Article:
We would imagine that the phrase “missional community” would be somewhat self-explanatory given that the name seems fairly straightforward. However, since the word combo emerged several years ago, there has been a great deal of confusion regarding what a “missional community” actually is.
The confusion mixed with the hype has led many to become disillusioned with the concept. With this post, I want to bring a little clarity to the language.
What a Missional Community Is
The Bible claims that the world is an extension of God’s generous nature and creative acts. It is an overflow of the very person of God, not a silo-ed “God project.” However, the advent of human rebellion caused the very fabric of humanity to shift into disharmony with the creator and the creation.
After a series of unfortunate events takes place, God decides on a plan to “restart” the world – he selects Abraham and sets him out on a mission to bless the world (Genesis 12). It is this scene, this moment, this slice of time that becomes the defining event for Israel, their coming Messiah, and the new creation that follows the Messiah’s resurrection.
Paul calls this Abraham-moment “the Gospel in advance” (Galatians 3:8). This is God’s mission – to bless the earth, and He began this blessing project through Abraham, which grew to a community called Israel, which (through Christ) later grew into a community called the church.
Therefore, a missional community is a group of people committed to the mission of God. It’s a group of people gathering together for the purpose of blessing the world.
What a Missional Community Is Not
We’ve seen various expressions of “missional communities” throughout the nation these past couple of years as the phrase has gained increasing interest. As a result, I’d like to clarify what a missional community is not.
A missional community is not a group of church folk that meet in a bar for a Bible study.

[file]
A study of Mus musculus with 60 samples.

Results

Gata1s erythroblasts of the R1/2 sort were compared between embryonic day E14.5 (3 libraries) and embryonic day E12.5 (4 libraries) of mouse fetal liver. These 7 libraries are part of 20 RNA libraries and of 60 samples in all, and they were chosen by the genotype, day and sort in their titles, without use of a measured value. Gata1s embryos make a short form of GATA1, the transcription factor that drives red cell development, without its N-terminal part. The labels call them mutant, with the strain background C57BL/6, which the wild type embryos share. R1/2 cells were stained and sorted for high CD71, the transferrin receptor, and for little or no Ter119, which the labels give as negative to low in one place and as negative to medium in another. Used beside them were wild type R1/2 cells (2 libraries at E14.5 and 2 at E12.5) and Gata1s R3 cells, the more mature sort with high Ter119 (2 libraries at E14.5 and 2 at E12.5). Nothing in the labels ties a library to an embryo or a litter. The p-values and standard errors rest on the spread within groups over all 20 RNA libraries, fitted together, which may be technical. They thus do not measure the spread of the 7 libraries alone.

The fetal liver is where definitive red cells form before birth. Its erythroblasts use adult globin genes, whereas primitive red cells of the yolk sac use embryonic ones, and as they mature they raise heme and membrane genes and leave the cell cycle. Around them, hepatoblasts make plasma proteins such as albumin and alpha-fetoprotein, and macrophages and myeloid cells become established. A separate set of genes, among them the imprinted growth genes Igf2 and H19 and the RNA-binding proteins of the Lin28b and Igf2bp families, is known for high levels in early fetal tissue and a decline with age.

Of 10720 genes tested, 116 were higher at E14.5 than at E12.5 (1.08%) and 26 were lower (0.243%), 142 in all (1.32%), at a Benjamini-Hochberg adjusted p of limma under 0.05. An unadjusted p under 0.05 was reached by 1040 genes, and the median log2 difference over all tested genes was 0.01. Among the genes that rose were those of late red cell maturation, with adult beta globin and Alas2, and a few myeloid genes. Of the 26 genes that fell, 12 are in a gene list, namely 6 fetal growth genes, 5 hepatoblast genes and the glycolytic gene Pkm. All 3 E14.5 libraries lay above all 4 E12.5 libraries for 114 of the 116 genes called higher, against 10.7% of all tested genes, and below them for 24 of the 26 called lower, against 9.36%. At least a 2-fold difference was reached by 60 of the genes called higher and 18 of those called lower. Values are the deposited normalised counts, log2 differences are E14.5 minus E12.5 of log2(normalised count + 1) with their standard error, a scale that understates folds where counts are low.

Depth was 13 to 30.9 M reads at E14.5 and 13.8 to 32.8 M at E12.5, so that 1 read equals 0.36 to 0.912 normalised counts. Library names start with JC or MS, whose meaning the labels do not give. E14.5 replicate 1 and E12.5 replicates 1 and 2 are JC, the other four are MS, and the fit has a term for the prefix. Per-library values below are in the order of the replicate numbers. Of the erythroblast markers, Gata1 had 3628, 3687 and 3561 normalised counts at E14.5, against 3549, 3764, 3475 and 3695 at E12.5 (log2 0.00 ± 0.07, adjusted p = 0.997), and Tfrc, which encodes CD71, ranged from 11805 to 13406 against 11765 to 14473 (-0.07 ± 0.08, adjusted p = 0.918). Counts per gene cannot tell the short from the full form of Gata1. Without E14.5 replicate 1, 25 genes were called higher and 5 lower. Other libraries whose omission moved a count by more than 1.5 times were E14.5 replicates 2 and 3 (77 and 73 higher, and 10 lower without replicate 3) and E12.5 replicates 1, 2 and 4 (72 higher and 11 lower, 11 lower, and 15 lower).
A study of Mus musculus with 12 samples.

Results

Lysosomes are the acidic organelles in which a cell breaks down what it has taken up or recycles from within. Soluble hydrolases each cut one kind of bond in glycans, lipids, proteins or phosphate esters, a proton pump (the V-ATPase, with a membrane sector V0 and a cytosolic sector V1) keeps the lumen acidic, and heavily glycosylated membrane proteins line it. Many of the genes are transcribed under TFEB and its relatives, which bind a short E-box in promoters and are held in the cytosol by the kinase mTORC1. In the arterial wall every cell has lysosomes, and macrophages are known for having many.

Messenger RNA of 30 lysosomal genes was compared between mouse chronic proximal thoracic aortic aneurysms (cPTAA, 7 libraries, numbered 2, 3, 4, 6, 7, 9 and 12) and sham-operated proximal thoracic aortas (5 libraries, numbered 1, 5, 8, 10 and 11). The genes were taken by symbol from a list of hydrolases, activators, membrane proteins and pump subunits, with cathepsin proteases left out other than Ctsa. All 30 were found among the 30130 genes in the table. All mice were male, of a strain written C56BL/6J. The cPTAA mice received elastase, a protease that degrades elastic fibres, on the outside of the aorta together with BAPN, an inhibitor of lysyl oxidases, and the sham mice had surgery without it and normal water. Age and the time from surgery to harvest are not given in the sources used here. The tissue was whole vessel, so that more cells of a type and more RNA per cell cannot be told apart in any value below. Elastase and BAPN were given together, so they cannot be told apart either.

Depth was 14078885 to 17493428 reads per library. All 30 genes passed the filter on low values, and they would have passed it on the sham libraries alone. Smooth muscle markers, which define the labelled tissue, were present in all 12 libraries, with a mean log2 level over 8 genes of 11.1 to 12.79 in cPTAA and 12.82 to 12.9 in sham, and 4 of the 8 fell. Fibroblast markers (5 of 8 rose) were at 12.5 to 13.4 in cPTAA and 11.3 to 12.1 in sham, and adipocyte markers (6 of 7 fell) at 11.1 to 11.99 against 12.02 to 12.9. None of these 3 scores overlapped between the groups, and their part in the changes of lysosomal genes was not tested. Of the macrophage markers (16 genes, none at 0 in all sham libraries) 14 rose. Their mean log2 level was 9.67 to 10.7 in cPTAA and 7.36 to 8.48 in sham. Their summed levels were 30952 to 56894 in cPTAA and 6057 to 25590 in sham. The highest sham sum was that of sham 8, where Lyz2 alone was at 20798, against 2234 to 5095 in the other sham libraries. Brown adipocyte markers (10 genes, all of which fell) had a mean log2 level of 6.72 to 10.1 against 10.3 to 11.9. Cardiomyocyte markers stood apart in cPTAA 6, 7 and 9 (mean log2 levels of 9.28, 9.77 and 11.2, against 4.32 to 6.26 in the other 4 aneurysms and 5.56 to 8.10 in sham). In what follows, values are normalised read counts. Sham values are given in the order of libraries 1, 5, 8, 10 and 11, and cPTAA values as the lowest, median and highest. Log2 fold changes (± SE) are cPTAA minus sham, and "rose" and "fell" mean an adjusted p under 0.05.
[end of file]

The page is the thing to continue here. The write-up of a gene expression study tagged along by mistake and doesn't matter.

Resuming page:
A missional community is not a group of church folk that meet at the local church youth room for an acoustic night of worship.
A missional community is not a group of church folk that are committed to lives of poverty for the sake of poverty and in the name of “living in community.”
A missional community is not a group of church folk that are committed to lives of comfort and leisure because they love to have a good time with their Christian fiends at their local pool.
None of these are necessarily wrong (except for maybe the third one, but that is for a different time), but the above aren’t actually “missional communities.” They’re bible studies in bars, a worship night, and hang out sessions.
What a Missional Community Looks Like
In my next post, I’ll talk a little more about what a missional community looks like in practice, but for the time being this will have to suffice. A missional community is not defined by study, worship, or economics (although all of those can be a part.)
At the heart of a missional community is the practice of generous acts of creativity towards and for the people that are “in orbit” of the community’s life for the purpose of blessing the world and participating in what Paul called “the Gospel in advance.”
Austin Helm is the College Pastor at ONEchapel – a growing, thriving community of faith in Austin, TX. His specialty is working with young people as he has been leading and teaching students and young adults for 10+ years. Some of these 10+ years were spent at Eastside Christian Church, one of the ten fastest growing churches in the United States. He also speaks at many retreats and conferences across the country, from Orange County, CA to New York City, NY.
In addition, Austin also facilitates leadership training for various ministries and missions organizations. Austin has a B.A. in Communications from Oral Roberts University and a Master of Arts in Theology from Fuller Theological Seminary. He is also the Director of ONEchapel’s ministry school – ONEchapel College (www.onechapelcollege.com). In addition to ministry, Austin also serves as a consultant for creatives and start-up companies.